As I have explained on numerous occasions, my primary concern, while waiting for the work to be undertaken, is to make sure that interim measures are in place in every affected building, so that people can be reassured that they are safe this evening and until that work is done. It is obviously the responsibility of building owners to make sure that their buildings are safe, but local fire and rescue services have been working closely alongside local authorities to make sure that that certification is in place. I have asked for a review, I guess to satisfy myself that the measures taken over the last few months—whether waking watch or others—are still in place and are still assiduously adhered to.
I met someone recently who outlined that one measure that has been very reassuring for her has been the heat detectors in the rubbish chutes—often flashpoints for the start of fires—that alert the building control system that a fire may well be starting. We want to reassure ourselves that, across those buildings that have not yet been remediated, those interim measures are in place, to reassure people for the moment, while we wait for remediation. I acknowledge that this is not an ideal situation. We want to get the remediation done as quickly as possible.
However, whatever solution is found for these buildings, we have to recognise that these are often complex and difficult construction jobs involving enormous amounts of scaffolding, the procurement of alternative methods of cladding and finding the workforce and contractors to do the work. All of that may well necessarily take some time. However, as I said, local authorities have the power to enforce these improvements, and we have included a package of financial support where it is necessary and local authorities feel the need to step in. We intend to recover those costs from building owners if that is the case.
We established a joint inspection team to provide support to local authorities in ensuring, and where necessary, enforcing that remediation. We have strengthened the housing health and safety rating system and its operating guidance to provide specific guidance on the assessment of high-rise residential buildings with unsafe cladding. That should help local authorities to take action.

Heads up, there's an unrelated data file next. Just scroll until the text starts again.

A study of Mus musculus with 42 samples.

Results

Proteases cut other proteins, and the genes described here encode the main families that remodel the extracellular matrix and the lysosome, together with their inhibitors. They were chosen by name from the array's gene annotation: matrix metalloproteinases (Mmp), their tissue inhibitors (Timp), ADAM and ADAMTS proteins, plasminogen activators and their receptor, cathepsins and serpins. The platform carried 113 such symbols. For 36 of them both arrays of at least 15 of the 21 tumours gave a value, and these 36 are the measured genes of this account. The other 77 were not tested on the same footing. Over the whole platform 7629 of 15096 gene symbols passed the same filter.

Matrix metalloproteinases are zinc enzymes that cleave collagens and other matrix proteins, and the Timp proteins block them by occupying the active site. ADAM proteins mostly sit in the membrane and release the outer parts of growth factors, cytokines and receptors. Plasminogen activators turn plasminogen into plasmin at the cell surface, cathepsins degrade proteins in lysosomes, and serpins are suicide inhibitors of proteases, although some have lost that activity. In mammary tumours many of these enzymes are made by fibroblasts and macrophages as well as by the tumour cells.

The Secretary of State and I also regularly chair a remediation taskforce to oversee progress. I take this opportunity to remind the House of the strong progress we have made in social sector remediation. The Government made £400 million available to social sector landlords to fund the remediation of unsafe aluminium composite material cladding on residential social housing buildings taller than 18 metres. We have so far allocated £259 million, and we are still accepting applications. Remediation has started or been completed in 85% of social sector buildings, and there are plans and commitments in place to remediate all remaining buildings.
I would also like to tell hon. Members about the work we are doing following the Hackitt review. Following the Grenfell Tower tragedy, we asked Dame Judith Hackitt to carry out an independent review of building regulations and fire safety. Dame Judith’s review found that the system was not fit for purpose. The review made 53 recommendations to establish a new regulatory framework and achieve a culture change to build and maintain safe buildings. The Government accepted the diagnosis of the independent review and published our implementation plan last December, which set out how we intend to take forward the review’s recommendations.
We committed in the implementation plan to consult on our proposals for a fundamental reform of the building safety system this spring, and we will publish our proposals shortly. Our aim is to put residents at the heart of a more effective system, with clear and more demanding accountability and responsibility for those who design, construct and manage buildings, alongside effective penalties for those who flout the system. We have not waited for legislation to begin to reform the system; we have already made progress. This includes launching consultations to make sure that standards and guidance are clear, banning combustible cladding on new buildings taller than 18 metres and further restricting desktop studies. We are also launching calls for evidence around approved document B and the role that residents can play in keeping buildings safe. Much of the work to reform the building safety system will require primary legislation, which we have committed to introducing at the earliest opportunity.
We are also making sure that change begins on the ground as soon as possible through our joint regulators group, which is helping us to develop and pilot new approaches and to transition to a new, safer system. An industry early adopters group is trialling aspects of the proposed new regulatory framework in advance of legislation. Industry must also drive culture change by adopting a safety-first mindset and taking greater responsibility for building safety, and we will champion those that do the right thing.
The Grenfell Tower fire represents the greatest loss of life in a residential fire in a century. We must rebuild public trust in the system in tribute to those who lost their lives, the bereaved and the survivors.